Cabbage whitefly (Latin name – Aleyrodes proletella) is a nuisance when it attacks brassicas in the vegetable garden, particularly Brussels sprouts. But cabbage whitefly can be a problem on all leafy brassicas, including cabbage, cauliflower, broccoli, Calibres, Brussels sprouts and kale.
The cabbage whitefly is different from the whitefly found in greenhouses. Cabbage whitefly only attacks brassicas.
The cabbage whitefly lay eggs on the underside of the brassica leaves. The eggs hatch into tiny, colourless nymphs which suck the sap from the underside of the leaf.
The whiteflies hatch out and are noticeable as clouds of small, flying, white flies when the leaves are disturbed.
The Whiteflies & nymphs suck the sap from the leaves and excrete honeydew which is a sugary substance. This sugary excretion encourages black moulds to grow. So the leaves of the brassicas develop sooty spots under them. It is these sooty moulds which cause the problem, particularly on Brussels sprout buttons. They can make the sprouts unusable when there is a severe attack. It is not so important in cabbages, when any sooty outside leaves can be peeled off before use.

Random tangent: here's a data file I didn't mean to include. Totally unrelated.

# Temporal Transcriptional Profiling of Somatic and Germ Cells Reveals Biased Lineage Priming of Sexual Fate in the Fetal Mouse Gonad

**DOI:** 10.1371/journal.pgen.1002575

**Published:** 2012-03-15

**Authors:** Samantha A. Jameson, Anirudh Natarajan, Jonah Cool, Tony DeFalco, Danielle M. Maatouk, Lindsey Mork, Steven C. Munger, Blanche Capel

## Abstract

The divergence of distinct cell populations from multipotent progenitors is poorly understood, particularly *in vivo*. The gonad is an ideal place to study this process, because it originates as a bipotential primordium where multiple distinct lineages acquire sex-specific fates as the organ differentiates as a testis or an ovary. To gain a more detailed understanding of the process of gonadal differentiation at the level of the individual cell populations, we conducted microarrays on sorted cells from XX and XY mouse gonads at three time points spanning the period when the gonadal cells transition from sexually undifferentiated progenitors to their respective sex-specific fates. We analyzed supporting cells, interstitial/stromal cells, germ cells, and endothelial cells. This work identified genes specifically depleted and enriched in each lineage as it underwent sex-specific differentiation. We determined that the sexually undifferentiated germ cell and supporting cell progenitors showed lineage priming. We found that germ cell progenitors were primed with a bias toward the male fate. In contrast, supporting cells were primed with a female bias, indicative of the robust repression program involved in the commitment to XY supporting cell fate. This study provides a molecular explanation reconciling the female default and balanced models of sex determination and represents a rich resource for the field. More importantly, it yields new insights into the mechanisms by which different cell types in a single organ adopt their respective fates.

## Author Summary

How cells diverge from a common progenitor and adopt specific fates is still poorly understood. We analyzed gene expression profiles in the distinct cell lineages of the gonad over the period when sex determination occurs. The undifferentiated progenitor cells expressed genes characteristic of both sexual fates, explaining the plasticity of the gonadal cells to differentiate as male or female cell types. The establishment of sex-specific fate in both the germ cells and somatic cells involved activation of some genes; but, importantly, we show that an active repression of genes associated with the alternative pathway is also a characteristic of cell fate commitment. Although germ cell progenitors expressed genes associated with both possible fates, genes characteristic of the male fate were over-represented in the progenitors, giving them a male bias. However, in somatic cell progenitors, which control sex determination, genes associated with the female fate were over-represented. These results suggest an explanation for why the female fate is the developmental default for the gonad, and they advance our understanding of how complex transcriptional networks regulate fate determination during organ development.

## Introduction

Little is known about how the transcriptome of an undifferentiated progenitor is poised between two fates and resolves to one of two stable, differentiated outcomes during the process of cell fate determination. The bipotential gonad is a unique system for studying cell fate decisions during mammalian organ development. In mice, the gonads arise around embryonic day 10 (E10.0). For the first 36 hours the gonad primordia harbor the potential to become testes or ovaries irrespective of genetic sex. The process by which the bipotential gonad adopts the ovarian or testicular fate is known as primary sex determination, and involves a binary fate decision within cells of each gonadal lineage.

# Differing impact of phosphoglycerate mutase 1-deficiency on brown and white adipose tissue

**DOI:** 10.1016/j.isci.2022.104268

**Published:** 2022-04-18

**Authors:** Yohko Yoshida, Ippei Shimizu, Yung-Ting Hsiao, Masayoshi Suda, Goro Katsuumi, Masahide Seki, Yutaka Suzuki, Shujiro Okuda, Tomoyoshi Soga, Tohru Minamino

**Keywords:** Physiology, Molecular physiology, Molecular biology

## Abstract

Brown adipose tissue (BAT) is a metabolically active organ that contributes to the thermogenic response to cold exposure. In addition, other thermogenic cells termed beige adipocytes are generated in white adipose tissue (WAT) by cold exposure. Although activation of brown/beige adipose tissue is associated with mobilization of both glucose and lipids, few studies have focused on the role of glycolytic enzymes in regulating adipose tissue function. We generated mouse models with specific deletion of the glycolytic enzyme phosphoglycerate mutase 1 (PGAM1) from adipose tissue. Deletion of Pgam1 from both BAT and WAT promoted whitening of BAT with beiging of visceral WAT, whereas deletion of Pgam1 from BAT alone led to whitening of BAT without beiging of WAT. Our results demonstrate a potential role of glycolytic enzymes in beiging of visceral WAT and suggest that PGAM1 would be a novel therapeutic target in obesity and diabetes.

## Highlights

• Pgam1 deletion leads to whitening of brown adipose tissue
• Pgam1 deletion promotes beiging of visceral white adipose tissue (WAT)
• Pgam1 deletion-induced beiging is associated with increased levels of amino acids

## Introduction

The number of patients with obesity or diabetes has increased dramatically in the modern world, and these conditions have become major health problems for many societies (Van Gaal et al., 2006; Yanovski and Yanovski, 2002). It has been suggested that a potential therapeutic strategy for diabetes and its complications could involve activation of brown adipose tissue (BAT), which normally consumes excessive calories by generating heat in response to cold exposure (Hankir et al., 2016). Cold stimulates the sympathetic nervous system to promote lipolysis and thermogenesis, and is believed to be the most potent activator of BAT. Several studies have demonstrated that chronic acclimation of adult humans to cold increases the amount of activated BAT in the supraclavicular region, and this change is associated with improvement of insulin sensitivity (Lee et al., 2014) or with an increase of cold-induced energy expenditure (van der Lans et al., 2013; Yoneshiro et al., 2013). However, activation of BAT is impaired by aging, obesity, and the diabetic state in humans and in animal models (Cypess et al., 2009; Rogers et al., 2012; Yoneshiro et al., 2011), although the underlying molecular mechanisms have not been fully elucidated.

Apart from the sooty moulds which appear on the brassicas as a consequence of the cabbage whitefly, the plants do not seem to be weakened by the cabbage whitefly.
Biological control of cabbage whitefly is by:
- washing the leaves with a soapy solution. This affiliate link helps you find it.
- Pyrethrum, an organic pesticide, can be sprayed on to the lower leaf surfaces.
- Various predators eat cabbage whitefly, such as the predator wasp Encarsia formosa which can be purchased from this affiliate link or garden centres.
- Lacewing also eat whitefly, so it is worth installing an insect box, as in this affiliate link, to encourage the whitefly to hang around.
Chemical sprays are available to control cabbage whitefly. Always follow the instructions on the packet.